Wednesday, 29 May 2013

All Saints - Frindsbury

The site can be found on Church Green, Frindsbury, Rochester. The nearest train station is Strood and there is a bus that goes to Chatham that passes near there too. It is roughly a 15-20 minute walk (depending on how good you are with hills!)
The church and site merged with others in the area on the 24th October 1950. It merged with Upnor and Chattenden. The site itself however is way older than that. It is believed to be from Saxon times, dating around 1075. Although this is not proven, it is widely believed that this is the origin.
Thomas Buttler – He served Queen Elizabeth I.
It seems that the site has always been known by this name. Hundreds of years ago, it may have been known by an independent saint or even an by the Olde English version of the town, however, I can find nothing to back this up.
When I first came across the site, I went around the long way which unfortunately, led me to walking up a very steep hill. Once you get to the top however, it is very much worth it. The site for one is amazing as you can see the whole of Rochester, including the castle. This is due to the site sitting isolated on top of some chalk cliffs. You will also notice the very strange layout. Some of the graveyard (which I believe is the older part) is situated within the walls. The rest is outside of it. The west churchyard (which is closed) is managed by the Medway council. The east churchyard is managed by the PCC.
You will straightaway notice the huge church. In 998 AD, Strood was pillaged by the Danes. The church was wrestled back by Harold Godwinson. After his defeat at the battle of Hastings, The site was taken over by William the Conqueror, who gave its lands to Odo, bishop of Bayeux. Around the church you will see many tombstones on the floor. These were translated from the south aisle and the north wall after its 19th century rebuild.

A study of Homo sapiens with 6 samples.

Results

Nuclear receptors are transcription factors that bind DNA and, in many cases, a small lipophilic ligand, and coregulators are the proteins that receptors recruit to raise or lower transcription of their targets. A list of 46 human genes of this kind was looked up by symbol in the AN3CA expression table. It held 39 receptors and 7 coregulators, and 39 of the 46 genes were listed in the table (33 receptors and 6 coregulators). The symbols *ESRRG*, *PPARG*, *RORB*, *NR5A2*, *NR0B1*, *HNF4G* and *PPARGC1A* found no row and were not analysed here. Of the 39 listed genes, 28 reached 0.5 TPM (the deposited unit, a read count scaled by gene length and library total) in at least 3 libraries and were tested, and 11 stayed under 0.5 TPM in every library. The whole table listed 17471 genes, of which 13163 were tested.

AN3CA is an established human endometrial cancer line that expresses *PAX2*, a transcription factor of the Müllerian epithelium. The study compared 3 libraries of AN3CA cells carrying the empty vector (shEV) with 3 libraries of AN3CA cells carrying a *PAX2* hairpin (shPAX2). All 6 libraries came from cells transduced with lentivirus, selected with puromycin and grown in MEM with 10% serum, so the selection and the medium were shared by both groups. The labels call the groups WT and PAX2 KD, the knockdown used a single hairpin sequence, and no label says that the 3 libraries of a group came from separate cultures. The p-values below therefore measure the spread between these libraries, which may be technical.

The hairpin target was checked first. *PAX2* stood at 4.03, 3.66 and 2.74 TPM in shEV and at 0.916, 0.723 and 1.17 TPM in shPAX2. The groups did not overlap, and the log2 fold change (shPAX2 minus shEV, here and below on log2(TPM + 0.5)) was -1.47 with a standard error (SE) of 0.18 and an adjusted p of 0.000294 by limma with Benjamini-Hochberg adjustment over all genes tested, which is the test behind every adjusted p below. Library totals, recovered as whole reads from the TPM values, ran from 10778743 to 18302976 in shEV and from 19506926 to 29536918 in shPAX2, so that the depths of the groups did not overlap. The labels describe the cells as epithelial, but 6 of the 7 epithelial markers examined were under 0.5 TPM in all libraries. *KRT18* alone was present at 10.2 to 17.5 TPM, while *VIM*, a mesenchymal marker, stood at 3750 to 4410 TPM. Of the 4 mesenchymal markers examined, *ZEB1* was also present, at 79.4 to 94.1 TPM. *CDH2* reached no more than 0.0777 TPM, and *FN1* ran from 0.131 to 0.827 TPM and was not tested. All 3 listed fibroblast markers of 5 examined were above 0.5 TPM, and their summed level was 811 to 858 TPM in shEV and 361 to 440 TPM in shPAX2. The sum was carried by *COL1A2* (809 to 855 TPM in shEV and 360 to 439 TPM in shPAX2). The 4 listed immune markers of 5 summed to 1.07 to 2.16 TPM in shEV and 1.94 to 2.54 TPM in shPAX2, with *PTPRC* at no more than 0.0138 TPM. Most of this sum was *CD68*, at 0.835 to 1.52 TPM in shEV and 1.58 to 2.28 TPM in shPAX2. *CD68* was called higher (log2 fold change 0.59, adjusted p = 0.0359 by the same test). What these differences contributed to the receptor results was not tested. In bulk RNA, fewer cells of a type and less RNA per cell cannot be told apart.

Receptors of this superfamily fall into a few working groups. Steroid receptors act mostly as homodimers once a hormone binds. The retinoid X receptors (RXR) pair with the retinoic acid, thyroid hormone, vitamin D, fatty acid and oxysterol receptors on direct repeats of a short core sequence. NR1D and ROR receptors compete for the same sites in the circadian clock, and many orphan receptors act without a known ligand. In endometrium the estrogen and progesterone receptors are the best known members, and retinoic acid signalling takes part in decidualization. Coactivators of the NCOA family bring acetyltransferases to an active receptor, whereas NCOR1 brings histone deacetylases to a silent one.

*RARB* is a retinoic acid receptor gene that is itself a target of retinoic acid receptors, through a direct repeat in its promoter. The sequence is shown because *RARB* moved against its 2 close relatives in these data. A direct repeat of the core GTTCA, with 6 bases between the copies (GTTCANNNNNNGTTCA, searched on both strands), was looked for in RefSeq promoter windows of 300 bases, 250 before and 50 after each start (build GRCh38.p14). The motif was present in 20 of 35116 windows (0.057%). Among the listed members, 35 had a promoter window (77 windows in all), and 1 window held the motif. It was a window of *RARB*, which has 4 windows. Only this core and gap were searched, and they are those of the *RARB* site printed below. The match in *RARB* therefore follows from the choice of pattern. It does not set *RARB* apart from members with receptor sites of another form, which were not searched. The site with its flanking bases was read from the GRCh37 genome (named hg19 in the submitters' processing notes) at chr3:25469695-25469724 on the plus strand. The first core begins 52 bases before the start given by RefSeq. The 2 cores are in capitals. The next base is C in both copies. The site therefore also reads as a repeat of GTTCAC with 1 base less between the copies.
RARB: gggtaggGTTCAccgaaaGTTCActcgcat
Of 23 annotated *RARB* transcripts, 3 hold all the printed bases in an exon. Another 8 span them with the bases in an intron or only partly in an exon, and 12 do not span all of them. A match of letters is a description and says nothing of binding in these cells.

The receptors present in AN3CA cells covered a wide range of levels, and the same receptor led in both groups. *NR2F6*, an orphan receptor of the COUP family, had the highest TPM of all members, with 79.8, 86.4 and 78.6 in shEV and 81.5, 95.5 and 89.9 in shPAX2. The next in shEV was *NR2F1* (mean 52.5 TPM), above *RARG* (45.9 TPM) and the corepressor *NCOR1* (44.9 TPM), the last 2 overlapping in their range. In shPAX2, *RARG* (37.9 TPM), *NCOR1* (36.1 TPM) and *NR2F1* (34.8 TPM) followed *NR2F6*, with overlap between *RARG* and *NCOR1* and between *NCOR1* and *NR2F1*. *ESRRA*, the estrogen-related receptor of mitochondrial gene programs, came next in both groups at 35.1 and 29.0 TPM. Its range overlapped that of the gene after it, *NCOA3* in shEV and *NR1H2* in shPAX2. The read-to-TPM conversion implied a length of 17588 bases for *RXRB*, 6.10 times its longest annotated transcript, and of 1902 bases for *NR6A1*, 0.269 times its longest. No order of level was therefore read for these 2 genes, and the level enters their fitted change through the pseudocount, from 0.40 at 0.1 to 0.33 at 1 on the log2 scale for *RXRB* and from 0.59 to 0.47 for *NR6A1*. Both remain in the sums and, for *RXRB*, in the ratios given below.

The site is housed in by a wondrous wall of tall trees and little mini chalk hills. Many of the tombstones are walled in by rot iron gates or are built in the style of memorials. Despite how old the site is, it is very much well looked after. In fact, we had to make a lot of effort to avoid the men trimming the grass that day! Many of the graves are weathered but just about readable. We even found some carved in writing on the walls from around 1907! There is one little stone pathway that goes around the church, the rest of the pathway is just grass, but that shouldn’t put you off.
Despite the weather, it was a lovely day. It was nice to be in a graveyard for once that wasn’t next to a busy road. Being on top of a hill, it was very quiet and peaceful. You couldn’t ask for a better location. If you are not one for graveyards however, I suggest you go up there anyway to get a marvellous view of Medway.
On some of the photos that I had taken, I am pretty sure that there were some orb activity. However, as it was such a rainy day I cannot prove whether it was orbs or not. They seem to have congregated around the graves in particular which, had it been a sunny day, I would have concluded it as possible spiritual activity. It is one of those common situations where I can’t say whether it is or isn’t unfortunately.
As I stated before, it is extremely peaceful up there. Although it is still near a busy town, you can barely hear the rustle and bustle. I would love to come back here when the weather is better, not just for the scenery but to see if I can actually capture something paranormal which I believe this place has the potential, not because it is just a mere graveyard but because of the vast amount of history that lies behind it. Who knows what you may discover when you are not searching….
“Respect those who are not physically here, you can’t see them but they can see you, and disrespect is something they don’t want to see”
RATING: 3/5 – Very old and very beautiful with plenty of history around it.